The ‘Other Woman’ is an uncomfortable topic of discussion, today, as always. She is viewed as a ‘taboo’ in herself, someone that a woman should abstain from being or becoming. She is after all obscure, in most aspects of her life, perhaps apart from her relationship with ‘the man’, who does not wholly belong to her. In fact, in most cases, her existence fades away with time. But yet, she manages to live, like no one else, loathed as she is, by most people. She, after all, intrudes into someone else’s space, and is ‘destined to be doomed’ morally.
The idea of the ‘other Woman’ is however not peculiar to modern times. She has always existed, but perhaps more ‘openly’ today than yesterday. She always represents a deviation from the ideal structure of a family. In a British survey undertaken in the 1980s, the proportion of single parent families was shown to be increasing each day, as also the number of children born outside the institution of marriage. Temporary sexual relationships started to gain more ground with the dawn of the ‘modern age’ even if they had existed forever. What was probably practiced ‘secretly’ once has become more common today. This comes also from a BBC Reith lecture of 1990, where Dr. Jonathan Sacks speaks about the changing dynamics of the ‘family’, in modern times, in which the norms and codes of social behavior are gradually being replaced by new ways of thinking and living. Living together without the sanction of marriage has increasingly become the new practice if not ‘norm’, along with the idea of ‘bed, before wed’, if not bed, rather than wed.
The lecture talks about the evolution of familial structures and the position of women in ‘unhappy’ yet interminable marriages, with divorce rates being extremely low, to a position where women have started to make their own decisions defying the taboos attached to divorce, single motherhood and ‘illegitimate’ affairs. In stable, yet unhappy marital relationships, the idea of permanence overshadows anything and everything else, especially with regard to women who are in a constant position of subordination. This is totally in opposition to the Other Woman, who is beyond morality and moral confines of the family, of sacrifice and of loss. She encounters and lives a different dimension of loss, where she loses herself, at some point or the other, probably fighting for her identity, her being.
In She Came to Stay, Simone de Beauvoir writes about the relationship Francois and Pierre shared with each other and the Other Woman, Xaviere. Beauvoir there, explores the notions of love and relationships, bringing forth existential concepts, harnessing the idea of an open relationship and the consequences thereafter, with human emotions of love, hatred and jealousy. Xaviere is however not the quintessential Other Woman. She is as much with Francoise as with Pierre. The quintessential Other Woman on the other hand is with the man, who ‘belongs’ to someone else, and intrudes into a sphere that was already there – a space that existed long before ‘she came to stay’!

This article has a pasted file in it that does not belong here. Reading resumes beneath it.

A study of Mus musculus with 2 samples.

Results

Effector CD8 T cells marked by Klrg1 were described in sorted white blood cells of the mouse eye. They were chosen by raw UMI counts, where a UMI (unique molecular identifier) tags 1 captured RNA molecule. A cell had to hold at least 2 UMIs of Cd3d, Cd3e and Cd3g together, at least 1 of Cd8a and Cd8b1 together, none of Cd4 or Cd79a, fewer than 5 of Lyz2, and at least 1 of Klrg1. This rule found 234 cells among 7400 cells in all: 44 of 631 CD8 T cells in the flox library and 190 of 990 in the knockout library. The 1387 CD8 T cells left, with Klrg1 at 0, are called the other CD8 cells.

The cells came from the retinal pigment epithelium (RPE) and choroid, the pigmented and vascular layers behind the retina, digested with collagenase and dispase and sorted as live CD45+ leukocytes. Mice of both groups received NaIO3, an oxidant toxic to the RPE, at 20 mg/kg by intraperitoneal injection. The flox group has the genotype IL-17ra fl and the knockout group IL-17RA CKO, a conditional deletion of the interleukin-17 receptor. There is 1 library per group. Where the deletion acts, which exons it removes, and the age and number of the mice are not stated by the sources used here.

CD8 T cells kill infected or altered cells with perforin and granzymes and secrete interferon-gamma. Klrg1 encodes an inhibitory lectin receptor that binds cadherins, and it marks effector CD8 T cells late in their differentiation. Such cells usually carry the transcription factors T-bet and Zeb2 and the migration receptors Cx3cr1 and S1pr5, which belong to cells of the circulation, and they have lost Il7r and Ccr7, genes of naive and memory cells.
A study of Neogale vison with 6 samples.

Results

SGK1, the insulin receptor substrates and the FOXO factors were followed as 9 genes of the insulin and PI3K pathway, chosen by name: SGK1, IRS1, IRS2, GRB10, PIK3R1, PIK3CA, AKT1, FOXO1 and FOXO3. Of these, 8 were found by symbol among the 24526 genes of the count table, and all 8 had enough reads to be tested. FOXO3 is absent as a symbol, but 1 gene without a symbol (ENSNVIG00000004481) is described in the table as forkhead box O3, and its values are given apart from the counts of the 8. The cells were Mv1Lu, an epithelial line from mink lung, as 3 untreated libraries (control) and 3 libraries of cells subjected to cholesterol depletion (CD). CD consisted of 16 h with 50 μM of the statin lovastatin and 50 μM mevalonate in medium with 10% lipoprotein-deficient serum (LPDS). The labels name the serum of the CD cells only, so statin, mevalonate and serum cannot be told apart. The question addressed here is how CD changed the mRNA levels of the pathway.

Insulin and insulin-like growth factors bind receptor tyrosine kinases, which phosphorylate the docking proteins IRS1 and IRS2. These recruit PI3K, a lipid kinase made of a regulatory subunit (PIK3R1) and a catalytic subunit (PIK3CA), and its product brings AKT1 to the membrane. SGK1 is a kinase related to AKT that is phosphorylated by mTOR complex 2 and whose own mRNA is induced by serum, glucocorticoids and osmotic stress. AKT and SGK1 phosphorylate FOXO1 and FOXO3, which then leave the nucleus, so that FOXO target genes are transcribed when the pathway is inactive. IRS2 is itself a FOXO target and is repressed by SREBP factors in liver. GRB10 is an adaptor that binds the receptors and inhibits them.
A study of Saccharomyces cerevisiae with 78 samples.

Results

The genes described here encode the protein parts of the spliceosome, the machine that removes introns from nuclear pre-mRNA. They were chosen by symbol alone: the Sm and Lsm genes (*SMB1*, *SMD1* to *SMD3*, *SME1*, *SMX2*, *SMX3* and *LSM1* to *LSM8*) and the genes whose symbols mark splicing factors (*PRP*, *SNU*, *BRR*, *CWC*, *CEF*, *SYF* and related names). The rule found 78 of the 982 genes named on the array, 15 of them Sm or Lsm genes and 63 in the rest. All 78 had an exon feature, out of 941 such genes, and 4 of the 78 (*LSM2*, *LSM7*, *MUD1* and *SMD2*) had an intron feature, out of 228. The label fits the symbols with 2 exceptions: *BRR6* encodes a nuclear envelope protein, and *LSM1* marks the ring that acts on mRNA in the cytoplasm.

An interesting story of the Other Woman is that of Inessa Armand. Armand is, despite her contributions to the revolution and feminist thought, not remembered for that at all, as much as she is remembered as Lenin’s love interest and a woman of beauty and splendor, who would play on the piano.
She did assist Lenin, who utilized her services, also as a participant in revolutionary activities. They say Lenin’s first love was revolution, and so was the second. Hence, for both his wife and Inessa he would assign tasks of and for the revolution. However, the fact that Lenin was in love with Inessa, is apparent from the words of Aleksandra Kollontai, who says that Lenin’s wife actually offered to leave her husband in 1911 to “facilitate his happiness with the Other Woman.”
In a sort of biography on the life of Inessa, R.C Etwood in her portrayal of the woman in question as a Revolutionary and Feminist mentions that Lenin sent Inessa to St. Petersburg to try and bring the recalcitrant editors of the Pavda that Lenin had launched, into order. Apart from this, Lenin also sent her for other ‘sensitive missions’.
V.I Nevskii spoke highly of Inessa, describing her as an Old Bolshevik, who joined the party even before 1905. This woman was therefore committed to revolution as she was dedicated to Lenin. But as with all ‘Other Woman’, is remembered more as Lenin’s love interest than anything or anyone else.
The Other Woman therefore, is an identity in herself, despite her crises, and while she might be a product of circumstances rather than making a conscious decision of being so, she lives on in memories, loved and loathed, as one would please to remember her!
Swaswati Borkataki is a doctoral student in JNU, New Delhi.
Featured image illustration by Pariplab Chakraborty.